Microsoft HoloLens pretty much stole the show at the Windows 10 press conference. Gone were the questions about when Windows 10 is out, or how much will it cost, instead all people wanted to know about was HoloLens.
The excitement is justifiable. HoloLens is a holographic projection headset that beams photons of light straight into the back of your eye, the resulting experience is that a virtual world is now layered on top of real life.
It sounds awesome - but what's it like in person?
"Kipman’s prototype is amazing. It amplifies the special powers that Kinect introduced, using a small fraction of the energy...A scenario lands me on a virtual Mars-scape. The ground is a parched, dusty sandstone, and so realistic that as I take a step, my legs begin to quiver. They don’t trust what my eyes are showing them. Behind me, the rover towers seven feet tall, its metal arm reaching out from its body like a tentacle. The sun shines brightly over the rover, creating short black shadows on the ground beneath its legs."
"Imagine if your walls and surfaces were made of Minecraft bricks. What would happen if you punched through? I knocked a hole in a table that let me see THROUGH the table, down into a cavernous underground with a giant lava pit at the bottom. I shot through a real-life wall and found a cave on the other side. Because Microsoft's glasses made that section of the wall invisible, duping my vision to let me see the cavern instead, it felt surprisingly real."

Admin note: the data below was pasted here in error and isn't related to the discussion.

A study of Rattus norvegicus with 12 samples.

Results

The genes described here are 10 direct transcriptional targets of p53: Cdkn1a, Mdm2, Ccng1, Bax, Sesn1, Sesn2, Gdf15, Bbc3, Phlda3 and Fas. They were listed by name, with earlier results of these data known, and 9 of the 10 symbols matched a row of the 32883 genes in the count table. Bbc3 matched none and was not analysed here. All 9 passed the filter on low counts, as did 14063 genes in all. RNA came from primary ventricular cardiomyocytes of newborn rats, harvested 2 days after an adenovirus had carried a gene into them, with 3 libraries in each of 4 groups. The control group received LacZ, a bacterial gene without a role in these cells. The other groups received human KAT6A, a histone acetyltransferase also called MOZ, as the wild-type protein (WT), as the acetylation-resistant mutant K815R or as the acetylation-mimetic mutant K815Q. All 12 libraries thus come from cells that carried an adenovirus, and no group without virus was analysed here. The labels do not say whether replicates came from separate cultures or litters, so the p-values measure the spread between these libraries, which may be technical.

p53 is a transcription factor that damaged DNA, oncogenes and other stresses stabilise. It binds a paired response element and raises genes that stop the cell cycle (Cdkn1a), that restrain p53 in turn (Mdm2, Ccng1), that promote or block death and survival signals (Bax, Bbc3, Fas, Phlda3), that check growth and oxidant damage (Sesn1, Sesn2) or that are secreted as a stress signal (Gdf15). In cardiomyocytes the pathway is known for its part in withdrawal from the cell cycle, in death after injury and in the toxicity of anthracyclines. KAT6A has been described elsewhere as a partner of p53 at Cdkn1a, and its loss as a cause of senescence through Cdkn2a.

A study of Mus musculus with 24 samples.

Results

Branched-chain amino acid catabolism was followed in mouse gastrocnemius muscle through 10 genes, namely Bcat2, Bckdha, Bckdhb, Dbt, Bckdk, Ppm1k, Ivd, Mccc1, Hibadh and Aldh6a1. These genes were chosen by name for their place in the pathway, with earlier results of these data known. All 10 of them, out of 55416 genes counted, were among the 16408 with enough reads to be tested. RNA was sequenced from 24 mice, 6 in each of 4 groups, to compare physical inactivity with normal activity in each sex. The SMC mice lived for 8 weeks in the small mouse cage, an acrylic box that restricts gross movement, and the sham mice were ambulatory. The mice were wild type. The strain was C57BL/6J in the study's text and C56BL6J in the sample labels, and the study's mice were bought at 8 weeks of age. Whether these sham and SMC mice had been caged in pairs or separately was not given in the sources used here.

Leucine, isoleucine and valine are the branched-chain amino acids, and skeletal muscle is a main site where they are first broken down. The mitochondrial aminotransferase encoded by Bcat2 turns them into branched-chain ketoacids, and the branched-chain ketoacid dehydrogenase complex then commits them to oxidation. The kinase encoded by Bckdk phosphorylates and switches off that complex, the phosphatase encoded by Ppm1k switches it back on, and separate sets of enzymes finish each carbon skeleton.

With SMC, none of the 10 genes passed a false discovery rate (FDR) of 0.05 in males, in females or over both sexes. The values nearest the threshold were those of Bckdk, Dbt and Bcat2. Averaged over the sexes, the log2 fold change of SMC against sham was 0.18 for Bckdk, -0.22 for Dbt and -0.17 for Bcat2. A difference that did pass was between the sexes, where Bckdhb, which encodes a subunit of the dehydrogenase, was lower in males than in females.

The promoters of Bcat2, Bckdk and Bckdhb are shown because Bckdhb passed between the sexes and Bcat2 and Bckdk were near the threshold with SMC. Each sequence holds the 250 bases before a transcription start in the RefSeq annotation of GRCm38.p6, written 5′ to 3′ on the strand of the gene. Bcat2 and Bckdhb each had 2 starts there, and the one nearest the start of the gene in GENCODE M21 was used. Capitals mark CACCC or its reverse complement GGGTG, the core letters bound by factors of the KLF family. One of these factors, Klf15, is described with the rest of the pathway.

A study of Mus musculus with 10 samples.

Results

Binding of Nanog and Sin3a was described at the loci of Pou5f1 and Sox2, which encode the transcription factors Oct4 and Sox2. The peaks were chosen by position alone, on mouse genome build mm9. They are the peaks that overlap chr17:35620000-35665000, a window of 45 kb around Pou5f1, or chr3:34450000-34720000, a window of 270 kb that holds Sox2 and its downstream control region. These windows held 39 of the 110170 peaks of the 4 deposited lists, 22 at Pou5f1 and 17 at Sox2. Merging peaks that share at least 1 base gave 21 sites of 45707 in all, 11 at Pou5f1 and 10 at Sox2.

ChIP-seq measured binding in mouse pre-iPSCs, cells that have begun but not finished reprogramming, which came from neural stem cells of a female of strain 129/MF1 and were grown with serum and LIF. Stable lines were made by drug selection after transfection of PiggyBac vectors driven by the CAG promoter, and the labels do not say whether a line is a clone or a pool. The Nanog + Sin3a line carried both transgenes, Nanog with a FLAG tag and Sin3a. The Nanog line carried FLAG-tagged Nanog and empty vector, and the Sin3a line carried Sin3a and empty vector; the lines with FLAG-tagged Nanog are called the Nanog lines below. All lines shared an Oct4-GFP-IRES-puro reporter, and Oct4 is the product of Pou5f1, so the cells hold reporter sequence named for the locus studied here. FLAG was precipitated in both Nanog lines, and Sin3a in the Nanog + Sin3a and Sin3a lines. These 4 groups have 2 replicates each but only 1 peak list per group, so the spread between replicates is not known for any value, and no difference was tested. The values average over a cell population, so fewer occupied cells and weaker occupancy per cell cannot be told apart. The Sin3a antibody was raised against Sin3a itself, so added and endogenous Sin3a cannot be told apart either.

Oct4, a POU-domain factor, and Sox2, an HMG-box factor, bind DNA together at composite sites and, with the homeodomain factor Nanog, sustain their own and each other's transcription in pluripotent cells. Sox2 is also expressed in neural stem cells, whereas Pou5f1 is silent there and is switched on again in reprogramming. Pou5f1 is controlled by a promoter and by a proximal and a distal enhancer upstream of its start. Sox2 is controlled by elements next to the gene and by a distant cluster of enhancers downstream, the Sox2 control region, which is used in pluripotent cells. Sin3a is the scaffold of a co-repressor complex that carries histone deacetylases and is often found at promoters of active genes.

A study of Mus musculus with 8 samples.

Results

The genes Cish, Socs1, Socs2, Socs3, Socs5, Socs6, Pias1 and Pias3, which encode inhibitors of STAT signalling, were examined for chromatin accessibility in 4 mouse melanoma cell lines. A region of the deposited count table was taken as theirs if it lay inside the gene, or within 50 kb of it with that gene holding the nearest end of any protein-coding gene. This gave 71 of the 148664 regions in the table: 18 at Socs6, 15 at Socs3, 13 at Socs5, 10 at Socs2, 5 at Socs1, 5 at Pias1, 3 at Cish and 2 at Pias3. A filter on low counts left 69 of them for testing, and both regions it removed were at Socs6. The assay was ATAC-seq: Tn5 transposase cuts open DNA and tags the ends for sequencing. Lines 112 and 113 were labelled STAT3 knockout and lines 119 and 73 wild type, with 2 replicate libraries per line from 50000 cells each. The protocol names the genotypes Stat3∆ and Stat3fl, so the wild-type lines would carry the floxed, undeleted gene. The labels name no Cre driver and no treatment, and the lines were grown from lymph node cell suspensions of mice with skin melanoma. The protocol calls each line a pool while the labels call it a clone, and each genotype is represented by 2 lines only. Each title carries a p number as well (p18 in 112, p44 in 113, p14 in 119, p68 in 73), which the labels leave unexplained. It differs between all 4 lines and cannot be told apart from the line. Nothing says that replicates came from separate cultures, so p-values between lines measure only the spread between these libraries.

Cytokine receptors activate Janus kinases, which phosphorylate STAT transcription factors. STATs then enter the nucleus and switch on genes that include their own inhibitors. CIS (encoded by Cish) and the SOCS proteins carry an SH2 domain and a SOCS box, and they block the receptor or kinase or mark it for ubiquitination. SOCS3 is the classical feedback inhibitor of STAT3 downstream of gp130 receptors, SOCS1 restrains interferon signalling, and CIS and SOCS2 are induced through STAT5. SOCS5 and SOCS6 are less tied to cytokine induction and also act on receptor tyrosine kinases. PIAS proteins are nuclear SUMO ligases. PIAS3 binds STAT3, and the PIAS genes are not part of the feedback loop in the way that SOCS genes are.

"For more collaboration, look no further than Skype. I've used Skype many, many times, but never like this. Microsoft tasked me with installing a light switch with help from a "friend" calling me remotely. His video feed followed my gaze, but I could also pin him to a spot in the air in front of me and keep him in place while I looked around the room. All the while he could see everything I could, and proceeded to draw instructions in the air in front of me. I'm pretty handy around the house, but this sort of virtual hands-on instruction was phenomenal."
"HoloLens is clearly very early, and kinda sucks right now. It's uncomfortable. It's cumbersome. It looks and feels like a piece of hardware that's far from final.
Is it bad? No. Lord no. Stop it. It's very impressive, but it's a brand-new entry in a market that basically doesn't exist yet. Good on Microsoft for that! At the same time, man, Microsoft has a long way to go before this is something we want to use at home. When it's got Windows 10? And can be used untethered?"
"On the computer screen, I saw black and white Mars landscape imagery. It was poorly stitched together and offered no context. When I used the mouse to select a rock on screen, its counterpart in the 3D-rendered landscape was also selected and a little flag appeared above it. The tech instructed me to use the mouse to drag my cursor off the physical screen and select something directly in the 3D environment. It sounded like a silly idea: how could the mouse go off screen? Augmented reality makes it possible. I did as I was told and moved the mouse from one digital environment to another somewhat more unchartered territory and then I selected a rock. It was amazing."